August 29th, 2011 by Clark Humphrey

  • Despite what Republican politicians would have you believe, Washington state actually leads the nation in new business creation these days.
  • One of these new businesses will be a downtown JC Penney store, in the old Kress five-and-dime store building at Third and Pike. That’s just a block from the old (1930-82) Penney store (Target’s going in on that site later this year). It’s great news, but what will become of the loveable, and vitally needed, Kress IGA supermarket in the building’s lower level? Its operators insist they’ve got a long term lease and are staying no matter what.
  • It’s not just the state civil payroll that’s ethnically un-diverse. The state legislature is only 6.8 percent nonwhite.
  • Local theater blogger Jose Aguerra asks whether local troupes are being too coy and inoffensive, even in their depiction of female orgasms. (In my day, Seattle’s live theaters prided themselves on presenting edgy, daring material, even if the promise was grander than the product.)
  • A UW Medical Center administrator got caught embezzling a quarter mil from the hospital. You’re only hearing about it now because the state auditor made a statement publicly praising the U for how it investigated and prosecuted the inside thief. A potential huge scandal was thus turned into a low-key moment of triumph for the administration. At least if you read the Seattle Times version of the story. KOMO offers a far more critical spin on the affair.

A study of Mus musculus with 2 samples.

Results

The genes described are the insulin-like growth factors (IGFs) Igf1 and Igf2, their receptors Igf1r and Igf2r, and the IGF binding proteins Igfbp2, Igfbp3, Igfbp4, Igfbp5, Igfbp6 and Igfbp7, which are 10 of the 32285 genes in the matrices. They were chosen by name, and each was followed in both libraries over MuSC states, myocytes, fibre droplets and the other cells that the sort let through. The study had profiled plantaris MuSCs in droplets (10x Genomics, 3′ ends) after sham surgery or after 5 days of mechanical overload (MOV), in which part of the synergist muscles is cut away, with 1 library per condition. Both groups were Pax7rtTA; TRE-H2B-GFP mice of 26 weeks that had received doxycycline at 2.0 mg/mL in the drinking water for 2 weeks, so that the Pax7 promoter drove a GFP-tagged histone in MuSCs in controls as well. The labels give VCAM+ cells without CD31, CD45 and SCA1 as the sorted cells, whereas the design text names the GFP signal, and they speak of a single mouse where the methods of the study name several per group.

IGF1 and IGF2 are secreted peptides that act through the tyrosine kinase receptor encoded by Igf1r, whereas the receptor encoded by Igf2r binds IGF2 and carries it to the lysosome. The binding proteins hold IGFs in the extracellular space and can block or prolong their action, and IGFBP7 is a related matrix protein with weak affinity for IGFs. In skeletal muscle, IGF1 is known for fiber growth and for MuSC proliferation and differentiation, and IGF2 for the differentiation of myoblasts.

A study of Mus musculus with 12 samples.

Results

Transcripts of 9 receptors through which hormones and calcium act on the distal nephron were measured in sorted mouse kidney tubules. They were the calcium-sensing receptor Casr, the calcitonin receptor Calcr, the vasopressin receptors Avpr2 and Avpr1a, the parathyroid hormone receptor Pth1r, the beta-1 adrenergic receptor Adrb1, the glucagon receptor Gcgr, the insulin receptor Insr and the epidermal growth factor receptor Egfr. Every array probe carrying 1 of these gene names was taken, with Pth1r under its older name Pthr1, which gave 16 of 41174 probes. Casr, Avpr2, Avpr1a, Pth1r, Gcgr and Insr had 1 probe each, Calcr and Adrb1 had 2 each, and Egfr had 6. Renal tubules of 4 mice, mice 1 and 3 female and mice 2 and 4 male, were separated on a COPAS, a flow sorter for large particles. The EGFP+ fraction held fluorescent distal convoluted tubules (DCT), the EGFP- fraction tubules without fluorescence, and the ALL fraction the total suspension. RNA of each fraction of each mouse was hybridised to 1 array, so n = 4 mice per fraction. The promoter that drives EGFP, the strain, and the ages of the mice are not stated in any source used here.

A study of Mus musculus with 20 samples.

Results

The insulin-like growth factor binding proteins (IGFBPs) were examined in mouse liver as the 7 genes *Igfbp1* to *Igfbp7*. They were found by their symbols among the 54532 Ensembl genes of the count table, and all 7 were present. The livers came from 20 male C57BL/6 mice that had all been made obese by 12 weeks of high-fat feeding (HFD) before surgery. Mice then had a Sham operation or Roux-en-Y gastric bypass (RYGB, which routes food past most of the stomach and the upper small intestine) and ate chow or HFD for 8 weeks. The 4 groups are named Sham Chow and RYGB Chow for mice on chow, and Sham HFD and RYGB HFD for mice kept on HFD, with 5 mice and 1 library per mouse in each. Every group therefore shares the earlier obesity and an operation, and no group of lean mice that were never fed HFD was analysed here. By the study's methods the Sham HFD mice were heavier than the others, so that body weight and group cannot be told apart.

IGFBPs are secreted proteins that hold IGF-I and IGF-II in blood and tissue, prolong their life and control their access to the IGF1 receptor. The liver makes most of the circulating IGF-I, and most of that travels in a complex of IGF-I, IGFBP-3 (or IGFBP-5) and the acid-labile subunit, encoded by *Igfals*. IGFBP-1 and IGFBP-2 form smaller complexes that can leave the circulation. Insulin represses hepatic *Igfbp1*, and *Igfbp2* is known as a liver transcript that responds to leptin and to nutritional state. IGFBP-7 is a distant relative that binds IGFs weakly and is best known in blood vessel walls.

• Grist.org’s David Roberts ponders what the heck Friends of the Earth is doing getting involved with right-wing lobby groups in proposing a “green” federal budget slashing scheme.
  • The link we ran last week about the electric-guitar company? The company that got raided by federal agents, who were supposedly looking for endangered imported wood? The company flatly denies all allegations. And the Murdoch Wall St. Journal, ever eager to bash anything environmentalist, claims the feds could next go after folks who own old vintage instruments that contain now-restricted components.
  • Should any of us care about speculation about the new Apple CEO’s private life? Ars Technica says no.
  • Birth rates are dropping in many countries, especially those where female fetuses are sometimes selectively aborted. The Economist calculates some countries, at their current rates of decline, could totally run out of people in 600-700 years. Of course, if you’re not a dystopian scifi fan you know trends don’t stay the same, at the same rate, forever.
  • Sasha Brown-Worsham believes “we should parent more like they did in 1978.” More Boo Berry and daytime TV; less overprotectiveness and constant fear.